Just before the official release of macOS Catalina, Apple is asking developers to submit macOS Catalina apps to the App Store.
The company aims to encourage developers to take advantage of macOS Catalina technologies like Sign in with Apple, Sidecar, Core ML 3, and Metal. In addition, Apple highlights Mac Catalyst, especially created to bring iPad applications to the Mac.
“macOS Catalina will soon be available to hundreds of millions of users around the world. With macOS Catalina, your Mac apps can take advantage of Sign in with Apple, Sidecar, and the latest advances in Core ML 3, and Metal. And with Mac Catalyst, you can bring your iPad apps to Mac. Build your apps using Xcode 11, test them on a Mac computer running the macOS Catalina GM seed, and submit them for review.“
Apart from submitting their new applications, Apple has reminded developers of a new notarization requirement for apps which are designed for distribution outside of the App Store.
The company requires applications that are distributed outside of the App Store to be notarized by Apple to run on macOS Catalina.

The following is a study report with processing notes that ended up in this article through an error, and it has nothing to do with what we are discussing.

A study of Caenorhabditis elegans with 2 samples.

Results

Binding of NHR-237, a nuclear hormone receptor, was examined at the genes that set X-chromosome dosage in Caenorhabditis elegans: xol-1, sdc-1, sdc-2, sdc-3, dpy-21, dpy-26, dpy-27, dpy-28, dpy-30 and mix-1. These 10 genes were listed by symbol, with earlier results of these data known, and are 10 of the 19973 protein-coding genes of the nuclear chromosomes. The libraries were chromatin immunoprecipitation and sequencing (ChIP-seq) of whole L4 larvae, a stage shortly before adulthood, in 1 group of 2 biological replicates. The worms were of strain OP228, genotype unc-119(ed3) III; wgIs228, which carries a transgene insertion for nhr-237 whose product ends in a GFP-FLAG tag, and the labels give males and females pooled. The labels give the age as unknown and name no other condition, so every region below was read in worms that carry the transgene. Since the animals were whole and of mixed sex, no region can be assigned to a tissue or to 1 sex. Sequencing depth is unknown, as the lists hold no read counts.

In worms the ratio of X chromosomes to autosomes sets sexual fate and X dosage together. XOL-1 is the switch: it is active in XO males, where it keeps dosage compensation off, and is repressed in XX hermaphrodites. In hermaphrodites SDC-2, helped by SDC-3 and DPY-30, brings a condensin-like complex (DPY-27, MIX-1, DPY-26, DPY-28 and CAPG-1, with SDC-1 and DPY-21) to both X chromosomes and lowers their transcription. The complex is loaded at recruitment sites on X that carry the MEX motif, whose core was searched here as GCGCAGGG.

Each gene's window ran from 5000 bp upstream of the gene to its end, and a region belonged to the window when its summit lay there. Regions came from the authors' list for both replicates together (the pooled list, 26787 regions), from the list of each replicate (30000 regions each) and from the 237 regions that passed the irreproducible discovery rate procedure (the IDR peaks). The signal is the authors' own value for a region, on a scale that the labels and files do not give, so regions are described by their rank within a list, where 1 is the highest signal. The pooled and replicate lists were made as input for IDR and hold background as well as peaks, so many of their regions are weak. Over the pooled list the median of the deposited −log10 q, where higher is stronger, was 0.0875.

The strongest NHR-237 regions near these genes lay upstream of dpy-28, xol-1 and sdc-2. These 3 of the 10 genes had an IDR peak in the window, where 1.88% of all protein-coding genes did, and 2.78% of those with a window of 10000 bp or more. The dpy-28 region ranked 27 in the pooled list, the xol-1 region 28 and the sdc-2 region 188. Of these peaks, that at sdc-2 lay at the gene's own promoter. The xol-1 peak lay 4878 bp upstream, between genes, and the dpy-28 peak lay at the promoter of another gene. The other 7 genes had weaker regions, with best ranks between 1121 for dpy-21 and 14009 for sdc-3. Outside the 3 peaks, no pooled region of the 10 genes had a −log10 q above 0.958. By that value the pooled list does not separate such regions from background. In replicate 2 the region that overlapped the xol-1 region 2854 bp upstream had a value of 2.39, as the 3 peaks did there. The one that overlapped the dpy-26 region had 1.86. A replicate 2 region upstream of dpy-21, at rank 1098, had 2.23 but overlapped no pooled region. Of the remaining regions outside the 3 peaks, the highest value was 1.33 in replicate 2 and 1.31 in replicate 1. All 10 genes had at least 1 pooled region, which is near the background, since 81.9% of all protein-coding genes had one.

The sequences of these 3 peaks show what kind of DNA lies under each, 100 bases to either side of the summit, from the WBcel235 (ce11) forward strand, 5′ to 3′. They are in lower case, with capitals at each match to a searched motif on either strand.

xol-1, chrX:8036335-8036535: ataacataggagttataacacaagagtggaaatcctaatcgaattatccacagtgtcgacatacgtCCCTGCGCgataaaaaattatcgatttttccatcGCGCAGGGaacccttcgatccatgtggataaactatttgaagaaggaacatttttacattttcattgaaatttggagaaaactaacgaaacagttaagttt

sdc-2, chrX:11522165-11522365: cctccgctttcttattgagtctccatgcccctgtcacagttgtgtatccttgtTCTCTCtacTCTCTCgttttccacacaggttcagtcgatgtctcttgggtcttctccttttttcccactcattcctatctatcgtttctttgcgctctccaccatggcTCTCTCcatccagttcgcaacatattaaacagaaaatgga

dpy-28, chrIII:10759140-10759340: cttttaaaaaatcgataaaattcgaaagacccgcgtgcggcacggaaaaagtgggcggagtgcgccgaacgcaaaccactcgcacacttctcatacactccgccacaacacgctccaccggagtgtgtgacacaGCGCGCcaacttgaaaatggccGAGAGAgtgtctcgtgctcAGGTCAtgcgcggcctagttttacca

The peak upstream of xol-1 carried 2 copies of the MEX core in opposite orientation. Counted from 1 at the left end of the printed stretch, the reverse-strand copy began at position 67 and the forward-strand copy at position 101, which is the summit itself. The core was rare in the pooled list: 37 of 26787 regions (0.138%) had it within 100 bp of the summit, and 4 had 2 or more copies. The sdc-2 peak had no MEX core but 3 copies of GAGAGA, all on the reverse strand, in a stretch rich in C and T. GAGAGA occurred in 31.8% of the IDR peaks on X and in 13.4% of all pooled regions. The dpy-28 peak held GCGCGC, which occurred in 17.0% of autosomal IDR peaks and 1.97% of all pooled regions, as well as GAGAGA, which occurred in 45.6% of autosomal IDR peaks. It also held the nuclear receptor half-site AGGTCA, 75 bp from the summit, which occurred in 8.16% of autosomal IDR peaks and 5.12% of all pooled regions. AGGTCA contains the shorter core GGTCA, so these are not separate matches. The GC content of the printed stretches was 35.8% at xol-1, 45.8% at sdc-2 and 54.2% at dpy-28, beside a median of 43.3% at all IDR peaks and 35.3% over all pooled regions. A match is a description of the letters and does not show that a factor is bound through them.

The notarization process that was first introduced in macOS Mojave, is aimed at protecting Mac users from malicious and harmful applications.
“To further protect users on macOS Catalina, we’re working with developers to make sure all software, whether distributed on the App Store or outside of it, is signed or notarized by Apple. This will give users more confidence that the software they download and run, no matter where they get it from, has been checked for known security issues.
In June, we announced that all Mac software distributed outside the Mac App Store must be notarized by Apple in order to run by default on macOS Catalina. Make sure to test all versions of your software on the macOS Catalina GM seed and submit it to Apple to be notarized.”
For notarization, Apple offers Developer IDs to trusted non App Store developers required to let the Gatekeeper function on macOS install non Mac App Store apps.
Applications which are distributed through the Mac App Store do not require notarization, and Apple has recently relaxed its notarization rules, allowing developers to comply until January 2020.
Yesterday, the company launched the golden master version of macOS Catalina to developers, which represents the final version of the software that will be provided to the public this month.